State v. Doss

Annotate this Case

67 N.W.2d 451 (1954)

STATE of Iowa, Appellee, v. Carl DOSS, Appellant.

No. 48496.

Supreme Court of Iowa.

December 14, 1954.

Rehearing Denied February 11, 1955.

Verne Lawyer, James Lawyer, Don Hise, Des Moines, for appellant.

Leo A. Hoegh, Atty. Gen., Raphael R. R. Dvorak, Asst. Atty. Gen., M. C. Herrick, County Atty., Warren County, Indianola, for appellee.

HAYS, Justice.

Defendant was convicted of the crime of lascivious acts with a child, contrary to Section 725.2, Code 1950, I.C.A., and has appealed.

I. Appellant asserts the court erred in refusing to direct a verdict upon the ground that the evidence was insufficient to sustain a conviction.

Defendant, age 44 and married, operated a taxi business in Indianola, Iowa. The prosecuting witness, age 15 and a school girl, worked after school hours and on Saturdays for the defendant at the taxi office. She testified to numerous trips made to the defendant's home with him and at which time he had intercourse with her. She became pregnant and was delivered of a child in August 1953. While there is no testimony as to the acts in question, other than that of the girl, there is considerable to the attention shown to her by the defendant and as to various times they were together. Many discrepancies as to the time and place when and where these acts took place appear in her cross examination. The defendant denies all wrongdoing and asserts a mere friendly interest in the girl.

All crimes are statutory. Some require corroboration, some do not. This specific one does not. The testimony of the prosecuting witness alone, if believed, is sufficient to warrant a conviction. It is *452 true, as claimed by the appellant, that a witness may be so discredited upon cross examination as to entirely destroy his direct testimony as a matter of law. But such is not this case. Whatever discrepancies appear in her testimony merely tend to weaken her statements as to the time and place but not as to the acts having been committed. As to that feature, she did not waver. It was for the jury to judge, not the court, and the case was properly left to the jury to decide.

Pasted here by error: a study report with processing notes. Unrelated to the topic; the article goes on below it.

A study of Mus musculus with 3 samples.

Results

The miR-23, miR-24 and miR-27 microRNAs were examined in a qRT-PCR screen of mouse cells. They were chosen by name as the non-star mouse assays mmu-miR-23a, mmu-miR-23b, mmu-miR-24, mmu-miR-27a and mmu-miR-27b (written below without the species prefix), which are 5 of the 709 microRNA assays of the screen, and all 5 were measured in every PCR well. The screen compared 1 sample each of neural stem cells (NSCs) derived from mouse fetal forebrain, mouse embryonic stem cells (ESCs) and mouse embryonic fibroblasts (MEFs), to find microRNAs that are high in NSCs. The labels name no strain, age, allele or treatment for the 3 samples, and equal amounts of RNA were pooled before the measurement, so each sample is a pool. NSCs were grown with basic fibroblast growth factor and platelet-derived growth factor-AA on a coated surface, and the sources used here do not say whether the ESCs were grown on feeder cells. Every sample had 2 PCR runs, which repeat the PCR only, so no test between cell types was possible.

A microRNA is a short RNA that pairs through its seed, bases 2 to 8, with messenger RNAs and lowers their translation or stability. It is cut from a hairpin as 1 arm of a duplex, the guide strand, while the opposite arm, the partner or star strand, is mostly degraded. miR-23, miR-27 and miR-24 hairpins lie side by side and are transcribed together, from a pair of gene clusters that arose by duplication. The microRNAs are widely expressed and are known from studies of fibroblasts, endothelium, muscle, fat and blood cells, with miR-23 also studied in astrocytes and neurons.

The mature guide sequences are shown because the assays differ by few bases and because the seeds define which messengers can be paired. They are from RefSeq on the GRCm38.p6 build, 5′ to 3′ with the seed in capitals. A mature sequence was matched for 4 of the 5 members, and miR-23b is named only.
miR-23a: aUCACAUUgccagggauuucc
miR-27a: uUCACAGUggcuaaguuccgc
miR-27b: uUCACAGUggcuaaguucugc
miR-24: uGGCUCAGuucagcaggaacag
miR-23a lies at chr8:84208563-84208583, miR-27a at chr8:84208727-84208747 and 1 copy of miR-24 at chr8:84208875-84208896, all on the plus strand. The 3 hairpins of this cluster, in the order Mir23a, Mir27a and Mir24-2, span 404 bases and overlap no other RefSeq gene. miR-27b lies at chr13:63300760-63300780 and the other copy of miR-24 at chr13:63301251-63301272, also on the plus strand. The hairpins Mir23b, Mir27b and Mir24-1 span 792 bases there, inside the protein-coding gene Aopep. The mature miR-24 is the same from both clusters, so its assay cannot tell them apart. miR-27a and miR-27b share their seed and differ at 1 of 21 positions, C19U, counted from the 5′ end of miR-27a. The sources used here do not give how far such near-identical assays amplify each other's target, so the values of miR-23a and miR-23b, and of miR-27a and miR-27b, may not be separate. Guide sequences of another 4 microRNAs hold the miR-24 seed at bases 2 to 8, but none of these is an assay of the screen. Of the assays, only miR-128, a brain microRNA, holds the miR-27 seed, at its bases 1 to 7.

II. Appellant further contends the court erred in its instructions to the jury. Instruction No. 14, is the one assailed. It is:

"The court does not by these instructions, nor has the court by any ruling made, or by any acts done or words said during the trial, intimated or meant to give any intimation or opinion as to what the proof is or what it is not, or what the verdict should be.

"It is solely and exclusively for you to weigh the evidence and find and determine the facts, and this you must do from the evidence alone or lack of evidence, and having done so, apply the law as stated in these instructions.

"The court has not attempted to embody all of the law applicable to the case in any one instruction, but in considering any one instruction you must consider it in the light of and in harmony with all other instructions given and apply them as a whole to the evidence in the case." (Italics ours.)

It is to the second paragraph of this instruction that exception is taken. appellant argues "By using the disjunctive `or' the jury was told that it could either find the facts from the evidence as presented by the State or they could find the defendant guilty on an entire lack of evidence." We do not so read this instruction. The instruction is purely cautionary. No where therein is the question of defendant's innocence or guilt mentioned. It simply tells the jury to ascertain the facts from the evidence and having thus found the facts, apply the law. Instruction No. 1 tells the jury that they must determine the case from the evidence or lack of evidence and the law as given by the court. Instruction No. 4, tells them that the State must prove guilt beyond a reasonable doubt and that such a doubt may arise from the evidence or a lack of evidence. Instruction No. 7 outlines the propositions, or facts, that the State must establish in order to obtain a conviction. We find nothing in the questioned instruction that tells the jury anything different than was told them in Instructions No. 1, 4, and 7. It merely restates them in a condensed form.

Appellant cites two cases on this proposition. State v. Matthes, 210 Iowa 178, 230 N.W. 522, 523, was a reversal because of an instruction upon reasonable doubt. The part in question was, "`If upon a full and fair consideration of all the evidence before you or from any lack of evidence upon any material fact, you are abidingly satisfied and convinced that the material matters necessary to establish the guilt of the defendant are true, then you have been convinced beyond a reasonable doubt.'" Even a casual comparison of this instruction with the instant one shows how totally different they are and that the cited case is not in point.

State v. Sauerbry, 233 Iowa 1076, 10 N.W.2d 544, 548, is also cited by appellant for the statement therein that "Of course only an acquittal, not a conviction, may be based upon a lack of evidence". With this statement all will agree. However, that case involves generally the same question presented here and the instructions were upheld. In fact, the writer of this opinion deems the cited case to present a much closer question than exists in the instant case.

Finding no error, the judgment of the trial court is affirmed.